Want to learn how to file a class action lawsuit? First, make sure you understand what a class action lawsuit is.
Class actions lawsuits allow many people to bring small identical claims to court and have their issue be decided in a single legal proceeding.
Bringing parties together into one class action lawsuit avoids the necessity for a large number of individual lawsuits and allows our judicial system to resolve similar claims more efficiently. In additon, from each participating individual's perspective, the claim is small and would not be worth pursuing in court if there were not other plaintiffs. As such, class action lawsuits allow claims to be pursued that might otherwise go unaddressed.
You don't have to find everyone who could participate in the class action lawsuit before a class action is filed. A representative plaintiff can file the lawsuit.
However, you can't simply file a class action lawsuit and automatically have it be settled or come to court. The Court must approve the class definition, either during litigation or at the time of settlement.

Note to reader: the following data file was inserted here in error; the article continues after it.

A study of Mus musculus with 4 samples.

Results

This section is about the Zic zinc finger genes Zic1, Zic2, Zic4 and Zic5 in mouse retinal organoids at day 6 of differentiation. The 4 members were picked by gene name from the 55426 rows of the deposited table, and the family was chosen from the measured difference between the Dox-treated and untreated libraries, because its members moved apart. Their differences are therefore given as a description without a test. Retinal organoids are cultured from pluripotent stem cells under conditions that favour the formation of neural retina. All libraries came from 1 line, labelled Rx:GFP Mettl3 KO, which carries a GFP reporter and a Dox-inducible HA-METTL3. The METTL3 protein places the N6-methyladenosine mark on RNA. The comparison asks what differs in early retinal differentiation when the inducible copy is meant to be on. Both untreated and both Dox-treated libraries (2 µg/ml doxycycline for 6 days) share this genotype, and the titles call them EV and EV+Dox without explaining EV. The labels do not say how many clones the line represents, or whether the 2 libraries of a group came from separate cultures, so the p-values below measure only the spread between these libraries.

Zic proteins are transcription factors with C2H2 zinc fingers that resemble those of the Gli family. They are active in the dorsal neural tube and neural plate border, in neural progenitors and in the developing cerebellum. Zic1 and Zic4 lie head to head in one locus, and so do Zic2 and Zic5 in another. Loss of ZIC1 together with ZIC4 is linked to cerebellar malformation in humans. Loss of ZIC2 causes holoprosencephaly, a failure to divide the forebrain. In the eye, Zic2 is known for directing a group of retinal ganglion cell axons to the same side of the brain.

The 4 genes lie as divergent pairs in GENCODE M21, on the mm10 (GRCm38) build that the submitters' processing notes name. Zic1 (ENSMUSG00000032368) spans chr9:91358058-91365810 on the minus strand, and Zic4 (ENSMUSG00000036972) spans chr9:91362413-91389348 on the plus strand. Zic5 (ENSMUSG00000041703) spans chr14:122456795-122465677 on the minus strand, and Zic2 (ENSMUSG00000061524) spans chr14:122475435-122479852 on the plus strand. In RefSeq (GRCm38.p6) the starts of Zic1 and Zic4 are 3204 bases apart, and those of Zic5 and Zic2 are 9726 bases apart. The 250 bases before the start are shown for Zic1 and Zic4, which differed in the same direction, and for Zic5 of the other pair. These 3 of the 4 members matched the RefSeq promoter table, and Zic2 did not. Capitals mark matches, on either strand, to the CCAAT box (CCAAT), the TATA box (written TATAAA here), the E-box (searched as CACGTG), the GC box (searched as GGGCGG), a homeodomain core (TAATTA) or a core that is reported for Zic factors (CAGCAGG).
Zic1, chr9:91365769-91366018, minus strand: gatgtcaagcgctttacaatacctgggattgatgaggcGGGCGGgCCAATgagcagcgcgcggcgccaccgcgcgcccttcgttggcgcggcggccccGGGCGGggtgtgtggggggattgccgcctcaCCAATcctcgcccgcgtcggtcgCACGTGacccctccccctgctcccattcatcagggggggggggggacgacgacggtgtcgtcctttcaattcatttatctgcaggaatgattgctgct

Plaintiffs' counsel in class action suits usually operate on a contingency fee basis. Fees and costs paid to them are usually subject to court approval. Class action proceedings are often subject to abuse if unscrupulous lawyers are involved. It's not unusual for lawyers to do very well on a class action suit while plaintiffs get very little. Nonetheless, class action suits are an important part of our system in that they protect individuals from bad actions by large companies or organizations.
When considering whether to file a class action lawsuit, you need to consider a number of factors:
Remember, not all cases are appropriate for class action. The Court will consider many things in determining whether to approve your use of the class action device as opposed to requiring you to file an individual action.
The smartest move you can make is to consult with a class action attorney who is qualified and sufficiently experienced in class action litigation. If they see merit in your claim, they will also see money in your claim. They won't recommend that you proceed unless the see both merit and money in the case.